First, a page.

Sunday Focus: Why are costs up when enrollment is down?

Published 12:50 am Sunday, October 15, 2017


NATCHEZ — Despite losing more than one-quarter of its enrollment since 2006, the Natchez-Adams School District’s annual expenses have risen by nearly $3 million in the same period.

Mississippi Department of Education records show NASD enrollment numbers have dropped from 4,803 students in 2006 to 3,561 students in 2016.  Preliminary numbers for the 2017-2018 school year show the school district has lost an additional 144 students in the past year.


Audits filed with the Mississippi Office of the State Auditor, reflect money paid for administration, principals, librarians and other non-instructional positions has grown from $12.8 million in 2006 to $15.6 million in 2016, a 20-percent increase.

In the same time period, the funds allocated for classroom instruction in the school district have dropped from $20.7 million in 2006 to $17.5 million in 2016, a 15-percent decrease.

Why hasn’t the cost of support services decreased with enrollment and instruction expenditures?

NASD board members and Superintendent Fred Butcher referred questions concerning the budget to business and finance manager Monica Anderson, who was unavailable for comment after multiple attempts to reach her last week. Marvin Jeter, a former school improvement officer and current education counselor, said schools undergoing change — growth or shrinkage — often forget to monitor administrative ratios as thoroughly as they do student-to-teacher proportions.

“When you have a district with a certain number of supervisors,” Jeter said, “even though there are fewer students and fewer teachers and classrooms, you just don’t think about the fact that you don’t need quite as many people supervising those teachers as you did in the past.”

Jeter was recently hired by Natchez United as a consultant and education expert.

Natchez United is a recently founded community group headed by Jeremiah Rios, Garrett Yelverton, Sammy Qadan and Eldrick Young.

Rios said the group believes a lack of quality education has eroded the economy of the county. The goal of the group, Rios said, is to solve both problems by improving education.

“The goal is to improve public education. By having him (Jeter) on board, we know we have someone who knows what’s going on in the system,” Rios said. “He brings the how to the table. Everybody has the why — we want to see a successful public school system. “

Jeter, who has a background as a teacher, superintendent and improvement officer for a transformation district in Mississippi, was hired to help the group better understand how to approach problems in the school district.

Jeter said he has more commonly experienced districts that forget to expand their administrative positions to accommodate a growing student body, creating a leadership void.

In Natchez’s situation, wherein the district is shrinking, the same oversight could be detrimental.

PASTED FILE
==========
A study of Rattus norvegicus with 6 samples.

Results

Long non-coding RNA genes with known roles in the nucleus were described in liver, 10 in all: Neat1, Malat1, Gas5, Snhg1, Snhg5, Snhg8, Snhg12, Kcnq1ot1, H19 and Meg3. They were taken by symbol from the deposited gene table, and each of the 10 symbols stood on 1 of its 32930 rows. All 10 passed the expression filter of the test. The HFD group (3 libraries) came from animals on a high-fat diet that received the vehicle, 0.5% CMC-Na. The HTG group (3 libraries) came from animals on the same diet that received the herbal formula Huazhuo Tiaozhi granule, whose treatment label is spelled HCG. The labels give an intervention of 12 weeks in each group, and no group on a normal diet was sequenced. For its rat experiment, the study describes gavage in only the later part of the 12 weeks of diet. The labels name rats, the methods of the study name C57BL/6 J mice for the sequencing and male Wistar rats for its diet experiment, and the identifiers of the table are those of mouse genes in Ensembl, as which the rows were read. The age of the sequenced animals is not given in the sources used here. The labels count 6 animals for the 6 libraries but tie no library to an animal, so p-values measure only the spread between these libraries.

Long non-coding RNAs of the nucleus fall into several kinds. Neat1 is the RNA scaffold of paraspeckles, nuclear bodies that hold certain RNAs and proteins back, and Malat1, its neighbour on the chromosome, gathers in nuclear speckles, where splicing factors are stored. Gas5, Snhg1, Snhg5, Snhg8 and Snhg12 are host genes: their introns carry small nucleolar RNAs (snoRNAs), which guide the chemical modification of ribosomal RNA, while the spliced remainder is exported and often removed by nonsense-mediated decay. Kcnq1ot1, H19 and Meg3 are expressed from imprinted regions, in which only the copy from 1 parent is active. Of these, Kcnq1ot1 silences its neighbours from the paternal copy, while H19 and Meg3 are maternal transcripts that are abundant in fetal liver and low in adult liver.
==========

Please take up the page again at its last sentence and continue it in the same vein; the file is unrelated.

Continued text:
“You need to make sure you don’t get too much upper-level administration and take money away from the classrooms,” Jeter said. “The people in those positions are staying, meaning they get increases for years of experience without the same sources to pay them for keeping those positions.”

In the last decade, the dollar-per-student ratio for the district has grown from approximately $7,673 in 2006 to $9,998 in 2016.

However, as instruction funds decrease and support services increase, that number may be misleading.

In 2006, dollars-per-student ratio for classroom instruction was $4,318, whereas in 2016 the ratio grew to $4,902, a 14-percent increase over a 10-year period.

In comparison, when calculating the dollars-per-student ratio for support services, the number nearly doubles from $2,679 in 2006 to $4,380 in 2016.

Currently, the school district employs approximately 600 people, 233 of which are teachers or permanent substitutes and 102 of which are paraprofessionals.

Of the $17.5 million spent in instruction in 2016, approximately $11.5 million was allocated to these positions.

The salaries of these employees — and others who interact with students on a daily basis — are funded through the money allocated to instruction.

As presented on the NASD website, approximately 70 men and women are employed at the district’s administration office.

These positions vary widely — from technicians and administrative assistants to supervisors, directors and superintendents and were allotted approximately $3 million in salaries in 2016.

“Seventy is justified over a larger school district, but when you look at districts that are the size of Natchez, you typically see more like half that number of district-level employees,” Jeter said. “They haven’t pulled back there.”

With the same demands coming from support services without the additional funding from enrollment that the district had years ago, Jeter said the money has to come from somewhere.

“If you have the same number of dollars, you can only divide it in so many ways,” he said. “The problem is, you’re keeping an inflated number of administrative positions.”